Bid to ban trail hunting on Cornwall Council land fails

Trail hunting will continue on Cornwall Council's land despite a campaign for it to be banned.

The legal sport, which sees hunts use an animal-based scent for hounds to follow, was widely adopted in the wake of the traditional fox hunting ban following the Hunting Act 2004.

But at the start of this year, Against Foxhunting Cornwall called for trail hunting to be banned on Cornwall Council's land - which covers around 23,000 acres.

It came after National Trust members voted to no longer issue licences for trail hunting on its land and Peterborough and Cheshire Council also suspended the sport.

But pro-trail hunting campaigners in Cornwall described any plan to ban it as "anti-rural".

Following a debate and consultation, Cornwall Council leader Linda Taylor has decided not to implement a ban.

It means the council's farm tenants will still be able to decide whether or not to permit trail hunting across their agricultural holding.

But new rules are being introduced which mean hunts have to notify the authority of any events and their impact on roads ahead of time.

In a statement, Cornwall Council said: "Trail hunting is a legal activity and Cornwall Council will continue to permit council farm tenants to decide whether or not to allow trail hunting on land within their agricultural holding. However, after carefully reviewing the situation, the Council is introducing changes to limit disruption to local communities.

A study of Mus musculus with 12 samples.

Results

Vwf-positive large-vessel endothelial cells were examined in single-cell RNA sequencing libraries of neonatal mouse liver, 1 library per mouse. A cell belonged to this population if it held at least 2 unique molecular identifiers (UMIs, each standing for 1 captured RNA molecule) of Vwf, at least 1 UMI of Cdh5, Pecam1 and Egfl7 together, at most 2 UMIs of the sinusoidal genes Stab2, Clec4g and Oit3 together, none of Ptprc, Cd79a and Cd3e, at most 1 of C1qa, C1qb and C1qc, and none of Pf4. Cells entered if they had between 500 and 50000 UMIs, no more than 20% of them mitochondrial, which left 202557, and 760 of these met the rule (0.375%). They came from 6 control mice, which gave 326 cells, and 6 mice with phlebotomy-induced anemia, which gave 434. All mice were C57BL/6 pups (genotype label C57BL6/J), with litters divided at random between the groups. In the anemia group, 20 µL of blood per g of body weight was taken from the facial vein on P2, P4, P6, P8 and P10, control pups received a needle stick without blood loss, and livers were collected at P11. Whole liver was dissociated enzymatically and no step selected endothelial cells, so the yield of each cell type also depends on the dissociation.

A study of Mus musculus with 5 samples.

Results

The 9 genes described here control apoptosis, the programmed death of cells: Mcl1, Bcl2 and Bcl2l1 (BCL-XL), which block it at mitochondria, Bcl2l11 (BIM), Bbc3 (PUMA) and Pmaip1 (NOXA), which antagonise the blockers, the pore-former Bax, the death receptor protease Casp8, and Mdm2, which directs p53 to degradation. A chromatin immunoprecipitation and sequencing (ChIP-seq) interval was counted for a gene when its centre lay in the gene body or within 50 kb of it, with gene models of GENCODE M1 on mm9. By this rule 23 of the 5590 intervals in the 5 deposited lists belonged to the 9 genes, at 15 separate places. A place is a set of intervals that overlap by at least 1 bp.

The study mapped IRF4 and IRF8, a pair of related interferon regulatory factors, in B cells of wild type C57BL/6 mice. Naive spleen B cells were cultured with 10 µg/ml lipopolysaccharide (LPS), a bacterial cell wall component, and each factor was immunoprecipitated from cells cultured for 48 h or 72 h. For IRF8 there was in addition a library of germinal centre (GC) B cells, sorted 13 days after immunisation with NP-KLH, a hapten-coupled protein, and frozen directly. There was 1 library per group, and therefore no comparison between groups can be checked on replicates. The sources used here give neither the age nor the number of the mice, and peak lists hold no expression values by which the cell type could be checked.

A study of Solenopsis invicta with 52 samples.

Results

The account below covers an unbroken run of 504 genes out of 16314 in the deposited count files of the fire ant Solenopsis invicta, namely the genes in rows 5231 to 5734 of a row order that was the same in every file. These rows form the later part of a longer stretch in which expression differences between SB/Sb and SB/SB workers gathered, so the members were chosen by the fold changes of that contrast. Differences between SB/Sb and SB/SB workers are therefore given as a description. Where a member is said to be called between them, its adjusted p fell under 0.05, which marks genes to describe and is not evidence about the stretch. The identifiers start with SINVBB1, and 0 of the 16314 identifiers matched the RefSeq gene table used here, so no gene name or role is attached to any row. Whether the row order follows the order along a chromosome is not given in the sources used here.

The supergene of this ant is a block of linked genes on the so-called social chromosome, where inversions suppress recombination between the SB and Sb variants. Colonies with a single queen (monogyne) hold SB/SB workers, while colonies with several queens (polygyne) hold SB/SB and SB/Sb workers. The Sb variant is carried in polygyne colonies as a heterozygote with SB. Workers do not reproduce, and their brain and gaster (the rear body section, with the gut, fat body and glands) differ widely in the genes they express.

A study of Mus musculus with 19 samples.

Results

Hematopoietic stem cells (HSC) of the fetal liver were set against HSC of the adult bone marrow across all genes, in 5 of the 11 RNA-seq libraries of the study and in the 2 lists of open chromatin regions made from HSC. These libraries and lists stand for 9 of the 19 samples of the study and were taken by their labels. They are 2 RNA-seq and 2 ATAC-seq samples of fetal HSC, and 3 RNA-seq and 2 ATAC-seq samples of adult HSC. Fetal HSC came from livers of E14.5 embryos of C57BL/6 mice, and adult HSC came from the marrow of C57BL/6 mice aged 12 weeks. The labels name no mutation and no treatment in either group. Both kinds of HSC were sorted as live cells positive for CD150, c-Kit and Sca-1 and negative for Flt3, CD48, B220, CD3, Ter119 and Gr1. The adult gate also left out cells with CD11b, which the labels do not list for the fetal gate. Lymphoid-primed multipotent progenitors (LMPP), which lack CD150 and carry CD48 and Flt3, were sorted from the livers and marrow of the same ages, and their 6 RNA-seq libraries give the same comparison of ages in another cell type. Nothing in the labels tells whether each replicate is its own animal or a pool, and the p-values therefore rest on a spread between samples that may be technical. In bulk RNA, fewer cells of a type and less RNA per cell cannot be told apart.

"The council will work with the hunts to review their annual plan of trail hunting events and formal gatherings in advance of the season commencing, so that all parties can agree which events should require licensing and provide time for the hunt to submit the required documentation.

Trail hunting will be allowed to continue on Cornwall Council land

"Furthermore, hunts will now notify the council of all events through the event notification form, which will require the securing of the highway for exclusive use. No such event will take place without a Temporary Traffic Regulation Order (TTRO) having been issued.

"It is hoped that these measures will help reduce any potential disruption to local communities and road users."

There are currently five active hunts in Cornwall and Polly Portwin, who manages the Countryside Alliance’s campaign for hunting, said trail hunting’s popularity in Cornwall is growing.

She said: "Banning a lawful activity would be a direct attack on rural people and we were pleased to see so many councillors expressing their support and understanding for our community during the debate back in January”.